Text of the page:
The untapped potential of working women

Rural women and adolescent girls are a driving force of the rural economy in sub-Saharan Africa. A focus on women’s education and training will contribute to unlock the African agricultural sector’s potential for food security, poverty eradication and job creation. Women play a predominant role in sub-Saharan Africa’s food production, processing and trade. They also account for 50 per cent of the agricultural workforce. Despite of their important role for the economy, women and girls access to education and training opportunities lags far behind.


Heavy rain and sea level rise: Indonesian farmers between climate change adaptation and climate protection

The cultural attaché of the Indonesian Embassy in Germany, Dr. Ahmad Saufi, invited the SLE to report on the situation of small family farms in South Sulawesi (Toraja) and West Java. Mrs. Birgit Steffan opened the Sarasehan, which means workshop in Bahasa Indonesia, and welcomed the guests who had already enjoyed fresh coffee from Toraja and Indonesian snacks. Dr. Silke Stöber, who is coordinating the CRAIIP research project, explained that smallholders are constantly looking for new ways to adapt to the impacts of climate change as these changes make their farming conditions increasingly difficult. Bread for the World (BFDW) supports the project through its local partners JAMTANI and Motivator Kondoran (Church of Toraja).


Apply now to join our training courses in Management of Development Projects, Climate Change Adaptation, Disaster Risk Management, Greener Cities for Sustainable Development, Training of Trainers, Moderation of Events and Process Facilitation or Designing Participatory Workshops. Click the link to enrol: https://www.sle-berlin.de/index.php/en/training/sle-training-2019/apply-now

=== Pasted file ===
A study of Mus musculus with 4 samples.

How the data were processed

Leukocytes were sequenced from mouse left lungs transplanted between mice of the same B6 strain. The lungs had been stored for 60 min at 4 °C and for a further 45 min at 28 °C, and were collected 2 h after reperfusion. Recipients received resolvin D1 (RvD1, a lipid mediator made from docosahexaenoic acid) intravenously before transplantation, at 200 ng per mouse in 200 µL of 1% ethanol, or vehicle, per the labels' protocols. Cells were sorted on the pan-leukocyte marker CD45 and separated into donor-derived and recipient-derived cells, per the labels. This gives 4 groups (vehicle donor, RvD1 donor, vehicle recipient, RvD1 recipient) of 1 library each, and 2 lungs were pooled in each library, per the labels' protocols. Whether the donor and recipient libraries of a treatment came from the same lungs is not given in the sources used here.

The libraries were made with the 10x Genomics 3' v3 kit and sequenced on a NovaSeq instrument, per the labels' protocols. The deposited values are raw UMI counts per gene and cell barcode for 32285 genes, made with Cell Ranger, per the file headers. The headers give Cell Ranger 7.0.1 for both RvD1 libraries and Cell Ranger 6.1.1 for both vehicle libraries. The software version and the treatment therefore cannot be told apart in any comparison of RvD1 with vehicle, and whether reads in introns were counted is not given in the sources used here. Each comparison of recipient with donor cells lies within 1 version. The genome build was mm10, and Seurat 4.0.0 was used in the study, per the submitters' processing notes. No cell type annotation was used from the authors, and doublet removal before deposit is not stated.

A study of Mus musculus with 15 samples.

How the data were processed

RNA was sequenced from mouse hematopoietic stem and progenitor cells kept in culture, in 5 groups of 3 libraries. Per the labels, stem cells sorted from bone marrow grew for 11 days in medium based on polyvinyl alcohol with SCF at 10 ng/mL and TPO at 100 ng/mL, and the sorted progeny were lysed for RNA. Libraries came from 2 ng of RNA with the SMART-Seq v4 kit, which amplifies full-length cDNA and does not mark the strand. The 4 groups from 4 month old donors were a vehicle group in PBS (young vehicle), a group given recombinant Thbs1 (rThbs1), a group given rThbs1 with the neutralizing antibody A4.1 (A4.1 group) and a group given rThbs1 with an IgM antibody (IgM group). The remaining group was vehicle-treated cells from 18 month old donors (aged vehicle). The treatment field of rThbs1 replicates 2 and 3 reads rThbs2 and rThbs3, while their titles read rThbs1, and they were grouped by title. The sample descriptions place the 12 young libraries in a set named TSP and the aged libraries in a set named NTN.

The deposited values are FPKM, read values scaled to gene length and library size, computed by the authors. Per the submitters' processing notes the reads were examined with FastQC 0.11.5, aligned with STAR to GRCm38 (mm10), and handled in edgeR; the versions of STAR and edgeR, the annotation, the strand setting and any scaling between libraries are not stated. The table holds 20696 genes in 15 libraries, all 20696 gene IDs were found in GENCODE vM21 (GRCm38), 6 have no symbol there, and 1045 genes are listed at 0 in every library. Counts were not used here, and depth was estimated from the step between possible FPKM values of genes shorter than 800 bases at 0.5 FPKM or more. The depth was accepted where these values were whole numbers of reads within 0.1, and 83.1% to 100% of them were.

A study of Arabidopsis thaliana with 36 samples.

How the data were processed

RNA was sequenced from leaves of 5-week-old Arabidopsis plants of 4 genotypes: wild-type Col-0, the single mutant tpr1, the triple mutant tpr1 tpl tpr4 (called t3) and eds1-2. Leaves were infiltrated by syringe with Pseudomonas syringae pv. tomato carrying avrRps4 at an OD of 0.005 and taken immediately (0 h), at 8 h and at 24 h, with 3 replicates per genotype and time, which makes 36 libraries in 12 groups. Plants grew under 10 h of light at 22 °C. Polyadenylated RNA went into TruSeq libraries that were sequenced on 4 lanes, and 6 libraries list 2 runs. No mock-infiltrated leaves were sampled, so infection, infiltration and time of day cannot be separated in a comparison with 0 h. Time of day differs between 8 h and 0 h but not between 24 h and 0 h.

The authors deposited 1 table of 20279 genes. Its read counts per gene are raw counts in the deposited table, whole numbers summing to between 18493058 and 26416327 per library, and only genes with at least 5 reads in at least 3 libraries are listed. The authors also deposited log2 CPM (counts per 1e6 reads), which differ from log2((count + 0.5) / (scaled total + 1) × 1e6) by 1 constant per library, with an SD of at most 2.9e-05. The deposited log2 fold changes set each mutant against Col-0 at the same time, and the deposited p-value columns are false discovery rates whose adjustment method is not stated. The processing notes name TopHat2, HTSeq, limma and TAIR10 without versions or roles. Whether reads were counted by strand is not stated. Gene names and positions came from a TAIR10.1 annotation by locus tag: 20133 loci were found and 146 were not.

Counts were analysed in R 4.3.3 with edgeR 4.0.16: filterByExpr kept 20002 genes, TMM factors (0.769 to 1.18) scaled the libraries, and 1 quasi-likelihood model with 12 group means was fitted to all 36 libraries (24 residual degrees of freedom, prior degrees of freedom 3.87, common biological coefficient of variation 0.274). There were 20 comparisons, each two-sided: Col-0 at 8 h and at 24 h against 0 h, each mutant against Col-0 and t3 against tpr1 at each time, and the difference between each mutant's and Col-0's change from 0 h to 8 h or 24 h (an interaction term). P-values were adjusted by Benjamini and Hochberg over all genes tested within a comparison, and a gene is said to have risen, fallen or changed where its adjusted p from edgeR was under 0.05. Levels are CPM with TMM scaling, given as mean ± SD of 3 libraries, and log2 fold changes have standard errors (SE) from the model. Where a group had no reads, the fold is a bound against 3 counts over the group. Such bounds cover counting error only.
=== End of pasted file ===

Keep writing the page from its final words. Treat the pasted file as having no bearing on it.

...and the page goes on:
The regions and topics for this years overseas projects of the SLE postgraduate studies are clear. Our Students will work in Mongolia, Rwanda/Uganda, Benin/Togo and southern Africa.Read a short summary of each of the projects:

Mongolia: Additional income for mobile pastoralist families in Mongolia

The wide grasslands of Mongolia are overgrazed. Roughly 70-80% of the pasture land is degraded. Because of that, additional sources of income for mobile pastoralist are necessary. The SLE will describe the status quo of livelihoods of mobile pastoralist families as well as analyze the potential of vegetable gardening and nature tourism as possible additional sources of income.


 

For anyone, who always wanted to know, how to develop a solution oriented research project with an interdisciplinary team. For more than 24 years, Dr. Karin Fiege has prepared interdisciplinary teams for overseas projects. Her knowledge and experience is now summarized in a new handbook.

 

 

 

 

 

Interviews and further Insights into UFiSAMo

The UFiSAMo-Project (Urban Agriculture for Food Security and Income Generation in South Africa and Mozambique) analyses urban agricultural production systems and how to best improve them.
For urban communities in Maputo/ Mozambique and Cape Town/ South Africa UFISAMO aims to:

  • improve food security and safety
  • improve income generation
  • assess benefits and risks in integrated urban livestock and crop farming
  • combine research and practical applications of urban farming from grassroots to upper policy levels
In order to provide more insight into the project, a new 20 minute video has been produced by Dariusch Tabib-Elahi, which puts small scale local farmers into the centre of attention.

The SLE TRAINING course “Rural Transformation”, took place from 22 – 26 October 2018, and welcomed 13 participants from 9 different countries to explore a new perspective on rural development. The course focused on the systematic analysis of Structural and Rural Transformation processes, their assessment with due consideration of development policy objectives and aimed at contributing to policies and strategies for the effective promotion and shaping of those processes in a socially inclusive and ecologically sustainable manner.